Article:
Cyprus expects support from its European Union partners against Turkey, its foreign minister said on Wednesday, as a divided bloc was set to meet to discuss possible sanctions on Ankara in a dispute over maritime resources.
“Cyprus looks to the EU and its partners for solidarity in action,” Cypriot Foreign Minister Nikos Christodoulides said after a meeting with his Spanish counterpart, Arancha Gonzalez Laya.
“Concretely upholding our common values and interests, and implementing our own decisions is of the essence.”
Cyprus is withholding its consent to European sanctions on Belarus because it wants tougher measures from the bloc on Turkey, which it says is violating its maritime rights. Greece supports Cyprus’s position.
Senior EU diplomats have said the bloc is unlikely to accede to Cyprus’ demands, after Ankara agreed to talks with Greece in a separate, but related issue.
Turkey dispatched two survey vessels to separate areas in the eastern Mediterranean this year, drawing strong protests from both Cyprus and Greece, which say Ankara is operating on their respective continental shelves. Turkey says its within its rights.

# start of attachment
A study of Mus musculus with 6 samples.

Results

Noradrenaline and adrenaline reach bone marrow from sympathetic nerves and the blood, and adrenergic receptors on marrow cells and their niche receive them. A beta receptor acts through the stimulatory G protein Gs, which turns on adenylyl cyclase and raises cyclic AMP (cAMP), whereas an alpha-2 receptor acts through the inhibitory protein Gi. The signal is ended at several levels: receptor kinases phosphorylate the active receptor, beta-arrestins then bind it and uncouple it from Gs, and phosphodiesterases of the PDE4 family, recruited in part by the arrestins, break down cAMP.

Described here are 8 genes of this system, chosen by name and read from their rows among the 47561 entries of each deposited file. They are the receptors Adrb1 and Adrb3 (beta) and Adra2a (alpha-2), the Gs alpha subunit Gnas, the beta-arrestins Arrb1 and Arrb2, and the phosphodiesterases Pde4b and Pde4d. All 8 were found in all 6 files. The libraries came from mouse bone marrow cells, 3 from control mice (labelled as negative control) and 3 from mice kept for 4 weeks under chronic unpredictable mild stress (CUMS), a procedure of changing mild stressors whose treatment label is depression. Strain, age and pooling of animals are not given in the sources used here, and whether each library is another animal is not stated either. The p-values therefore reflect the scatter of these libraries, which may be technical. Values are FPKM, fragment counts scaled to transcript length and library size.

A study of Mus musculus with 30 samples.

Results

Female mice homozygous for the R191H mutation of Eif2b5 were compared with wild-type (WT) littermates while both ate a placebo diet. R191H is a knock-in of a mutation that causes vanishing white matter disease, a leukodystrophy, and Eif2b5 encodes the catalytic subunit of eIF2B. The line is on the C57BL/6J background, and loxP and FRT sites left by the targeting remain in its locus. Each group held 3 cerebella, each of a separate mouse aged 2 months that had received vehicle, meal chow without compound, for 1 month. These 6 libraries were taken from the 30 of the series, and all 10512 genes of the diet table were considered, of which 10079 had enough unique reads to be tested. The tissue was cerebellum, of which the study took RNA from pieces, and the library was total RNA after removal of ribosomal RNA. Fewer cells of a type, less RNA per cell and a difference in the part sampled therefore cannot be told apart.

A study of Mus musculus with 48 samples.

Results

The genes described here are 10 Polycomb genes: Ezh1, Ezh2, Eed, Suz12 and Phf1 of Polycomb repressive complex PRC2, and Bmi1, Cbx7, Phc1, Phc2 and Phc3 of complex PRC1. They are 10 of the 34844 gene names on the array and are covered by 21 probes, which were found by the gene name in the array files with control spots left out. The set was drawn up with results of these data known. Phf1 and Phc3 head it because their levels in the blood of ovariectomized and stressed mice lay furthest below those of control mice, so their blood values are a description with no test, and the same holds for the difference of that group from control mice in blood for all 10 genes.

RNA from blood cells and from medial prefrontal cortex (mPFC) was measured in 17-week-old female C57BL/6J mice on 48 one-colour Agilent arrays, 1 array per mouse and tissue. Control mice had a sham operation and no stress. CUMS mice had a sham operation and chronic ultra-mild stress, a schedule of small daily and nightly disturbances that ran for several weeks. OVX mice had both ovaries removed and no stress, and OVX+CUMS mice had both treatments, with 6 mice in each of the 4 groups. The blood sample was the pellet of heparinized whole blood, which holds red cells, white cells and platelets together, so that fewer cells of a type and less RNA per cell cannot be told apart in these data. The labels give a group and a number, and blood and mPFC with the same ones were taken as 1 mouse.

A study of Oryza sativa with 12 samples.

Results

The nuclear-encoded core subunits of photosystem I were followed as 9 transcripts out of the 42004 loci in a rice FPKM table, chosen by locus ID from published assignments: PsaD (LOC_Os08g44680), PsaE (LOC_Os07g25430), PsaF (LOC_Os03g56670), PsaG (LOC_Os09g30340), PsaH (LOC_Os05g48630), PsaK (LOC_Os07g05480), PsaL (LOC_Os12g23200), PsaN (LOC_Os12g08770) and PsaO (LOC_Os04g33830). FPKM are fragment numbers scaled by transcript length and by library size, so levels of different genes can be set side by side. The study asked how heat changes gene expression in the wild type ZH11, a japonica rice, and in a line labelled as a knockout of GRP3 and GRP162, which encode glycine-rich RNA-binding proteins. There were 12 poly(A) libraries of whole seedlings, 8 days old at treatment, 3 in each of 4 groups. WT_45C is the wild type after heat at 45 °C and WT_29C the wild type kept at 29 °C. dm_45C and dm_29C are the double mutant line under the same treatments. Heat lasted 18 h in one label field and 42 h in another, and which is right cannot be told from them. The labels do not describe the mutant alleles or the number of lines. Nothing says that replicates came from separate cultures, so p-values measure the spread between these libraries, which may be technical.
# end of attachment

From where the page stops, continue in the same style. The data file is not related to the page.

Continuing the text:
While the vessel close to Greece has been recalled by Turkey to allow for exploratory talks between the two NATO allies, the ship close to Cyprus, the Barbaros Hayrredin Pasa, is still operating south-east of the island.
“Unfortunately.. signals of de-escalation have not been extended to Cyprus,” Christodoulides said.
Laya said dialogue was needed to resolve the issue, not unilateral action. “(That) is what Spain has been advocating between Greece and Turkey and which Spain advocates between Cyprus and Turkey,” she said.
Eastern Mediterranean tensions are to be discussed at the summit of EU leaders meeting Oct. 1-2.